What Sellers should not Tell Buyers

Selling a home can be a challenge, even in a very active real estate market. Unless you list a property below market value and it’s completely renovated inside while offering super beautiful landscaping, you’ll face obstacles here and there. The fact of the matter is, selling a home requires a lot of forethought, time, and effort. The selling process actually begins well before placing a property on the local multiple listing service. You’ve got to get the residence ready to show and it’s a good policy for sellers to keep quiet about certain things around potential buyers.

What Sellers should not Tell Buyers

It’s no secret that about 9 out of 10 home searches begin online. That means you’ve got to make a real impression to set your property apart from your competition. You’ll be up against other sellers who will happily spend the time and effort to gain an advantage. It starts with decluttering and depersonalizing and this goes for every room in the home. By removing clutter and taking down personal items, the house looks more like a good fit for home buyers.

“Whether you have owned your home for a few years or a few decades, you know its quirks, best features and flaws. When you morph from homeowner to home seller you need to be aware that your experience with your home is something you may have to share with potential buyers. Most buyers opt to have a home inspection before they finalize their purchase, but you as the seller must also follow state and federal regulations regarding disclosure of known facts about your property’s condition.” —Realtor.com

Be sure to open the window treatments and let in the light for all your listing pictures. Speaking of listing pictures, take a plethora of photographs from different room angles in each room and then select the best among these. You should also give the curb appeal a little attention and try to keep the home in “staged” condition because you don’t know when you’ll get a showing request. All of this is in the furtherance of projecting a positive image. So, you don’t want to spoil a possible deal and that’s why you should follow these suggestions:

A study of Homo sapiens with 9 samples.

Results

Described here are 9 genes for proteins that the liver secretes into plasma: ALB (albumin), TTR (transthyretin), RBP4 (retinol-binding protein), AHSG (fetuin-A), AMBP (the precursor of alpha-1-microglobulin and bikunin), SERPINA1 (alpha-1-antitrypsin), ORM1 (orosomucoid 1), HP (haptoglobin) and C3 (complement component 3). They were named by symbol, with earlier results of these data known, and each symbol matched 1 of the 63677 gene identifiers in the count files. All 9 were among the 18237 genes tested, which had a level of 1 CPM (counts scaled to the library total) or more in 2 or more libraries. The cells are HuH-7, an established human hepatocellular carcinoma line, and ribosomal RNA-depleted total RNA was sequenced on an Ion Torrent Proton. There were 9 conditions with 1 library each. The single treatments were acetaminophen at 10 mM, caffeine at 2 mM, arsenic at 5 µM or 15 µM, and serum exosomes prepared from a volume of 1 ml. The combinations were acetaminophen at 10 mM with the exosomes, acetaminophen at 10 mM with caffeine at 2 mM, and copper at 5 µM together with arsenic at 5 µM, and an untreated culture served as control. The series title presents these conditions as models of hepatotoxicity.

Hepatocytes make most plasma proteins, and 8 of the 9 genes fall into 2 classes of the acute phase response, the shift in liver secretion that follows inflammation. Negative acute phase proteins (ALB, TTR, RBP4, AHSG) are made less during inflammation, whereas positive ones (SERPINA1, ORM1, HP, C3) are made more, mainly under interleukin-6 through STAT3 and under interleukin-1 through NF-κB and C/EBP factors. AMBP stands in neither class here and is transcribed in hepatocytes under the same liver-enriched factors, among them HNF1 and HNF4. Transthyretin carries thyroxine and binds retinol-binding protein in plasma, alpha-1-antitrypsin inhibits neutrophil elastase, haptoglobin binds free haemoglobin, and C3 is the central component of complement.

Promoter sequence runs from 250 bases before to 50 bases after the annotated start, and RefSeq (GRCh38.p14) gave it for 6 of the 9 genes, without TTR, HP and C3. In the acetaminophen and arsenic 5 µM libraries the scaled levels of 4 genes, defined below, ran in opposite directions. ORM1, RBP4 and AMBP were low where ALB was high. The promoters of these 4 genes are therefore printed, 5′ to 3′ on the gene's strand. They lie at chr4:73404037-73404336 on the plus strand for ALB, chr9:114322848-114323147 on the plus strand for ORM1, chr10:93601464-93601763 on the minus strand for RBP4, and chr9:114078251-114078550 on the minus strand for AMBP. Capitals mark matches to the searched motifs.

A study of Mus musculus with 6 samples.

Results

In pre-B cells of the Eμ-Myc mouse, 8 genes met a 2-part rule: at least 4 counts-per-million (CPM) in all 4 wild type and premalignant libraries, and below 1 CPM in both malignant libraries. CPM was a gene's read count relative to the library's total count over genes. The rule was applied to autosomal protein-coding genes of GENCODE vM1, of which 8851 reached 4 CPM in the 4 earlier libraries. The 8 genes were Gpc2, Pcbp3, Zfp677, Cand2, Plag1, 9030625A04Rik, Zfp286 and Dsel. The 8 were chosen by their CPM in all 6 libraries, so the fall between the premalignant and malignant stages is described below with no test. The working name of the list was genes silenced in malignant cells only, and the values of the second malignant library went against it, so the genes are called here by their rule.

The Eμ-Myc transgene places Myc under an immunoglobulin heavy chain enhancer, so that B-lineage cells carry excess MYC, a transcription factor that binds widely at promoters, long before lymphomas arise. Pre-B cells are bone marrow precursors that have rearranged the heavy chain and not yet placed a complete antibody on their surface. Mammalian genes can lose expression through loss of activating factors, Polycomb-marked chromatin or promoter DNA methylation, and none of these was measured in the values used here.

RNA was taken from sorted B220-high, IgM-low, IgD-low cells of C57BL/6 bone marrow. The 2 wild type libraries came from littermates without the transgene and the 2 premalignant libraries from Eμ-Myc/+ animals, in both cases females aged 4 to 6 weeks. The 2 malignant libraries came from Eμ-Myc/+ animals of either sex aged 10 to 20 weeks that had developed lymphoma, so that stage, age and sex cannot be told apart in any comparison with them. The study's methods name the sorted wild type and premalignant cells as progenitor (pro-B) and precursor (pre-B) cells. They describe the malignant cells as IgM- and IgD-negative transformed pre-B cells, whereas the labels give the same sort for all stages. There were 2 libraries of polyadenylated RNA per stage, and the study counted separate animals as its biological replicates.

• Don’t brag about its perfect condition. This is an open invitation for Murphy and the infamous bearer of bad luck will make an untimely appearance if you tell anyone about how perfect the home has been to live in. It’s just a completely unnecessary risk that could reign down trouble with one problem detailed in the home inspection report.
  • Do not tell potential buyers you’ve never experienced this or that. Alongside “perfect,” is bragging or just talking about how this or that has amazingly never given you a problem. While it might be true, time isn’t on your side and this is the most inopportune time to be proven wrong.
  • Never wax nostalgic about improvements you always wanted to make. Plain and simple, potential buyers aren’t going to be interested in the least in hearing about your plans. After all, you’re selling the property, so why even bring it up? It doesn’t make any sense to speak about something that’s very unlikely to happen.
  • Keep any monetary and timeline details about improvements to yourself. It’s perfectly understandable that you’re proud of the wonderful deck and outdoor kitchen you’ve managed to put together yourself. It’s also commendable you were able to remove the popcorn texture from the ceiling when you first bought the place. Now is not the time to bring any of this up because it will get potential buyers thinking you’re not asking enough or their offers will be insufficient.
  • Do not go into a long and emotional explanation as to why you are selling the home. There are so many reasons people sell their homes: job relocation, needing to upsize or downsize, and the list goes on and on. You run the risk of appearing obtuse and that selling is your only option.